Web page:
02 April 2016 15:58 Post ID: #547030
born to be a miller







We stopped feeding the birds when we got mice - the mouse catcher came and said we shouldn't feed the birds
supreme miller
rybel_b - 2/4/2016 4:00 PM

In our home, the birds get fed and watered first thing in a morning. The fish get fed second. My cup of tea is third on the morning list!!!!!!



Brilliant, I wish everyone was as caring as you are Bez.

Keep up the good work.
supreme miller
herringthorpe - 2/4/2016 11:23 PM

At least I've heard of all those!

We stopped feeding the birds when we got mice - the mouse catcher came and said we shouldn't feed the birds



I'm surprised that the Collared Dove isn't on that list because they've become very commonplace in recent years.
supreme miller

And what about the Wren and Hedge Sparrow (Dunnock as they're known these days).
I see them every day on my back garden.
supreme miller

Yes, me too Caz, but they're horrible birds and during "nesting" time I've seen on many occasions where magpies have stolen eggs from nests and even worse, they kill and eat young birds. Not nice when you witness it happening on your lawn/garden in broad daylight.

I know that it's just nature, but it's not nice.
supreme miller

Ha-ha, yes robins are little fighters and will defend their territory vigorously. It probably had a nest nearby or a chick (or two) hiding in a hedge close by Caz.
supreme miller

I spotted a Sparrow Hawk (a regular visitor) in one of the trees at the bottom of our garden this morning.

I suspected that there might be one in the area because there wasn't any other birds to be seen. It's a tell-tale sign when all the other birds disappear from the area.

supreme miller

The Starlings are beginning to flock together now and there's one of around sixty birds that passes overhead a few times each day. They could stay local or they might choose to join a bigger "murmuration" further south. It's a fantastic spectacle if you're lucky enough to see one. Personally I've not seen one "live" but I've seen them on t.v. WOW!
supreme miller

More likely they were geese Caz at this time of the year.

There are thousands of geese coming to these shores at this time of the year, and most of them "migrate" inland to our lakes and ponds to spend the winter here.

The biggest flocks are usually Greylag geese or Pink Footed geese, and they look very similar from a distance, but as you get closer you can see the pink legs on some of them.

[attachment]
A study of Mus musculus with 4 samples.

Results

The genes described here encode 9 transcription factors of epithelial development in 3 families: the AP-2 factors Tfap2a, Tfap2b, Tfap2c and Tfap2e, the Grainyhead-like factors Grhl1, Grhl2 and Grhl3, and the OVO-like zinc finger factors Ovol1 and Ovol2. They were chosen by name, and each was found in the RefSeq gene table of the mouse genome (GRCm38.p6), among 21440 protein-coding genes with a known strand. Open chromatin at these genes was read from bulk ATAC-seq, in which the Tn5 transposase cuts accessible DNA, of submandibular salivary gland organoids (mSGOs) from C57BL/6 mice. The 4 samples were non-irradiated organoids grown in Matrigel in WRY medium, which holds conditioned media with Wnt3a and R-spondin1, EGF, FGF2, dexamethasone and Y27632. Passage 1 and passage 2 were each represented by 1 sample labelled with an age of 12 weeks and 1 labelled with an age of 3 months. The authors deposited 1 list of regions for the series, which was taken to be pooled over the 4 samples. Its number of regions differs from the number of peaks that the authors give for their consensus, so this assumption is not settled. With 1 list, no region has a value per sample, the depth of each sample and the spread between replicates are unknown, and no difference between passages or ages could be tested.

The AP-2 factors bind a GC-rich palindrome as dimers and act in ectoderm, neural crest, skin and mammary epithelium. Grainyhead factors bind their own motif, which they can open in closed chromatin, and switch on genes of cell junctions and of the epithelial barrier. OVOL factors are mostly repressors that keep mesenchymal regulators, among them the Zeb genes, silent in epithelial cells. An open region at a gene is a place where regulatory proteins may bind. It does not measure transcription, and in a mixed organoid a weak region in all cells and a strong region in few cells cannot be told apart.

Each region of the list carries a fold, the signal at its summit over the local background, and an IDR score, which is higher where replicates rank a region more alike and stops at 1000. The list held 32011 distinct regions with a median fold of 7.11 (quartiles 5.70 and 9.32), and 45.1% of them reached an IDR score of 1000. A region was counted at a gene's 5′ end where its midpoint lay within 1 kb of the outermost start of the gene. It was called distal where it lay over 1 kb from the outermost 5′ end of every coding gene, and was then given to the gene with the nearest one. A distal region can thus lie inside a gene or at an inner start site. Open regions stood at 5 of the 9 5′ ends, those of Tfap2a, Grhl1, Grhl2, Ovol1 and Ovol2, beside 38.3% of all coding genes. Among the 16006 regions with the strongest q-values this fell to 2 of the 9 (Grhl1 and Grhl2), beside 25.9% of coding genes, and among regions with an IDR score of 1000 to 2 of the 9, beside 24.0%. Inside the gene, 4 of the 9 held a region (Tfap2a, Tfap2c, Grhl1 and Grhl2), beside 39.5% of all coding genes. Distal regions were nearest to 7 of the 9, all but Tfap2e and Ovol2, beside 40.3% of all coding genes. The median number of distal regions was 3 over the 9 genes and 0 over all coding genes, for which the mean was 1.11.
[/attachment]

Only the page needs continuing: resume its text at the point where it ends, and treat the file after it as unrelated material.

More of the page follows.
supreme miller

We're lucky enough to have a few ponds around these parts so if you visit one you've every chance of spotting some less common birds.
There's the R.S.P.B. Old Moor site at Wombwell which is fantastic for bird watching, even if you're a novice at it.
Then a bit closer to home we've got Thrybergh reservoir, Silverwood lagoon, Catcliffe flash, Firsby reservoir, Greasbrough dam, Wentworth lakes and more recently the man made Orgreave lakes, Rother Valley and a few more.

Lots to choose from.
supreme miller

That's one that I never knew about Caz, and it's a bit too far out really for me to visit regularly.

Having said that, I passed through Tickhill only last week on my way to Doncaster/Sheffield Robin Hood Airport (what a stupid name) (I'll bet a few have said the same about New York Stadium)
supreme miller
sixpence - 4/10/2016 11:31 AM

Where is Silverwood lagoon? I walk to Silverwood and Ravenfield woods with my dog but didn't know there was such a thing!



If you walk up there Sixpence then you must walk past the entrance every time. It's on your right hand side (as you're walking up to Ravenfield), where the pit used to be and where there's now a winding wheel replica erected in memorium to those who lost their lives in Silverwood pit. That is the entrance to the "lagoons" but they are a further 1/4 of a mile along the path and up the hill.

Funnily enough Sixpence, it's become a very popular walk for people and their dogs. The downside being that some dog owner's don't clear up after their dogs and what was a nice little walk has become spoiled for many, including myself. They seem to think that because they're out of sight of others, that they don't have to pick the mess up after them.

Being a birdwatcher myself, the walk up to the lagoon has been spoiled because instead of being able to look around at the beautiful surroundings, these days you've got to keep your wits about you and keep looking down in case you tread in something.

Some people just don't give a toss about others, they're selfish.